Sunday, April 14, 2024

Buddhist members sue board over sale of Denman Island hermitage

Dharma Fellowship of B.C. has filed a claim in B.C. Supreme Court against hermitage founders Rodney and Lisa Devenish and others


The Dharma Fellowship of B.C. alleges in B.C. Supreme Court that board members, including founders Rodney and Elizabeth (Lisa) Devenish, failed to follow required procedure under B.C. Societies Act when they voted to wind up and sell the assets of the society.


The hermitage included a Buddhist stupa, a rounded structure for keeping religious relics and offering a sacred space for meditation, and a main house, a bathhouse, library, cabins, yurts, a barn, orchards and garden. In 2022, it was valued at $900,000 by B.C. Assessment, according to the lawsuit. In 2023, the assessed value of the land, which is part of B.C.’s agricultural land reserve and therefore has limited uses, was $1.1 million.

The members of the defunct fellowship also allege board members benefited directly from the proceeds of the sale and were in a conflict of interest when they voted for the sale.

Named as defendants in the claim are the Devenishes of Victoria, Robert Hood of San Francisco, Darlene Tataryn of Selkirk, Man., Monica Mueller of Denman Island, and the Crystal Mountain Society for Eastern and Western Studies, which has property on Galiano Island.


At the time of the sale, the Devenishes had a charge against the title of $150,000, and Hood had one for $136,000, both of which were paid to them, and the board later disposed of the remaining funds by giving about $77,000 to the Crystal Mountain Society and monthly stipends to Lisa Devenish, it said.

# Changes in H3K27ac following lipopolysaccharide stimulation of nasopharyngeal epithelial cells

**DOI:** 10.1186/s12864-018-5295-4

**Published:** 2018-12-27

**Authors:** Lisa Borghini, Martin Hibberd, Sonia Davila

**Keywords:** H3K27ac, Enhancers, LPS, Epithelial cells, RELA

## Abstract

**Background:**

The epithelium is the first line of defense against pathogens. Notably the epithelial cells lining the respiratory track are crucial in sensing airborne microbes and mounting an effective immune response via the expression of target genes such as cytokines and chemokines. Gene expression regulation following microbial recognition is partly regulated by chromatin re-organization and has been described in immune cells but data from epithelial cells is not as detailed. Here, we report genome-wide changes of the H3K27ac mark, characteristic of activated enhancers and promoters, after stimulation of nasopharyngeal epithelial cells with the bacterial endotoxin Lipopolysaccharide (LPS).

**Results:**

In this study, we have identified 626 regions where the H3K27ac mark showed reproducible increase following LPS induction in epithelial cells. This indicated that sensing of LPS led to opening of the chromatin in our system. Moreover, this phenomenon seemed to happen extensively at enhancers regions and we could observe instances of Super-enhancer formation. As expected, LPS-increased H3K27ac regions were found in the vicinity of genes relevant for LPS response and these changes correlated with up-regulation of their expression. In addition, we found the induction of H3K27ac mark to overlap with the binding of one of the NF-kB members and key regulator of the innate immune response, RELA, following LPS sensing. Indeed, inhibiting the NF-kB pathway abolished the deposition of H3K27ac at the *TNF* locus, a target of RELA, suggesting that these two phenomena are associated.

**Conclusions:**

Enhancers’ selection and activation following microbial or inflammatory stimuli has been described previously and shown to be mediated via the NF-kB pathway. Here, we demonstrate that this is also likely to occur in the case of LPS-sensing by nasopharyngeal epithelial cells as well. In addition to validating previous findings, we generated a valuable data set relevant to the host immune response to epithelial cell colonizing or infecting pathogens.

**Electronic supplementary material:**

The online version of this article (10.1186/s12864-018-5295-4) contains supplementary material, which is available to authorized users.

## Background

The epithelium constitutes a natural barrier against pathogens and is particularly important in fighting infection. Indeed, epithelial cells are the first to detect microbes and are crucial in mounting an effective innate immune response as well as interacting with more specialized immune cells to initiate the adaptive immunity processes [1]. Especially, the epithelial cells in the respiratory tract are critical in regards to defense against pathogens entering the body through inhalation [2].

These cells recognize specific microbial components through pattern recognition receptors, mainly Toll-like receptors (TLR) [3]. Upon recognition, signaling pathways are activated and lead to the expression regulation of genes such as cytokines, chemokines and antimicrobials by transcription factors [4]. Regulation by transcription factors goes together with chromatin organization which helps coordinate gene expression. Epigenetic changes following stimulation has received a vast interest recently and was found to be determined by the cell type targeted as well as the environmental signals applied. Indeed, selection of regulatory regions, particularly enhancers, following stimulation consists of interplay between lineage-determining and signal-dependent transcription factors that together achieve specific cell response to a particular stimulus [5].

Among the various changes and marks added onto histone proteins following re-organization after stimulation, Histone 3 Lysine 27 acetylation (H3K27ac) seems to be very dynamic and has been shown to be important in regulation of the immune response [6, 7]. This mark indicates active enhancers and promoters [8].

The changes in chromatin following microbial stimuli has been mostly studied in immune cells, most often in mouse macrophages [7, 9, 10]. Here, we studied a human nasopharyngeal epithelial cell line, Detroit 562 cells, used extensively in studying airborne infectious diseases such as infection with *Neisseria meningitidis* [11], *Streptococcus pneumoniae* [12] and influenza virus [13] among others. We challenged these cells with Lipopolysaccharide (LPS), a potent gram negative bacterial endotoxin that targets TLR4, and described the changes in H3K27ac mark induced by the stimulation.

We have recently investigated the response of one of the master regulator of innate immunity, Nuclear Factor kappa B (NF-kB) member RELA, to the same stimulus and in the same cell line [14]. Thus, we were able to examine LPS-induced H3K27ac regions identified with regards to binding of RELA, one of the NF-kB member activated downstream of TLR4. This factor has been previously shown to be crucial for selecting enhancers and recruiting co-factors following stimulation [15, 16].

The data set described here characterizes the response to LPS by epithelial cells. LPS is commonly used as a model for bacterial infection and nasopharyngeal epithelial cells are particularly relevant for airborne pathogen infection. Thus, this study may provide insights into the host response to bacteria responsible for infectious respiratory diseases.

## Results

Because the three had a “material interest in the sale” and that “materially conflicted with their duties to the society as members of the board, the lawsuit alleges.

They didn’t disclose their interest, refrain from voting on or influencing the board’s discussion on resolutions in which they had a conflict of interest as required under the B.C. Societies Act, it alleges.

The board then “purported to dissolve the society, claiming insolvency,” it said.

The act or the society’s bylaws require the board to seek consent of the members through a resolution at a general meeting and to dissolve and liquidate assets under the act’s protocols, it said.


The claim also said the board failed to appoint a liquidator as required, and the executive sold the lands, disposed of assets and dissolved the society and had its income tax status revoked, all without proper authority.

The society has suffered loss and damages because of lost assets, including the hermitage, lost revenue, exposure to financial liabilities and the cost of restoring the society and its assets, it said.

It’s seeking an order to restore the money and lands to the society plus unspecified general damages.

The lawsuit has not been tested in court. Typically, the next step is for the defendants to file a response.

Messages left with all defendants, except Mueller, whose contact information isn’t known, were not returned. Neither the fellowship’s website and email address were active and a message left with its lawyer for comment wasn’t returned.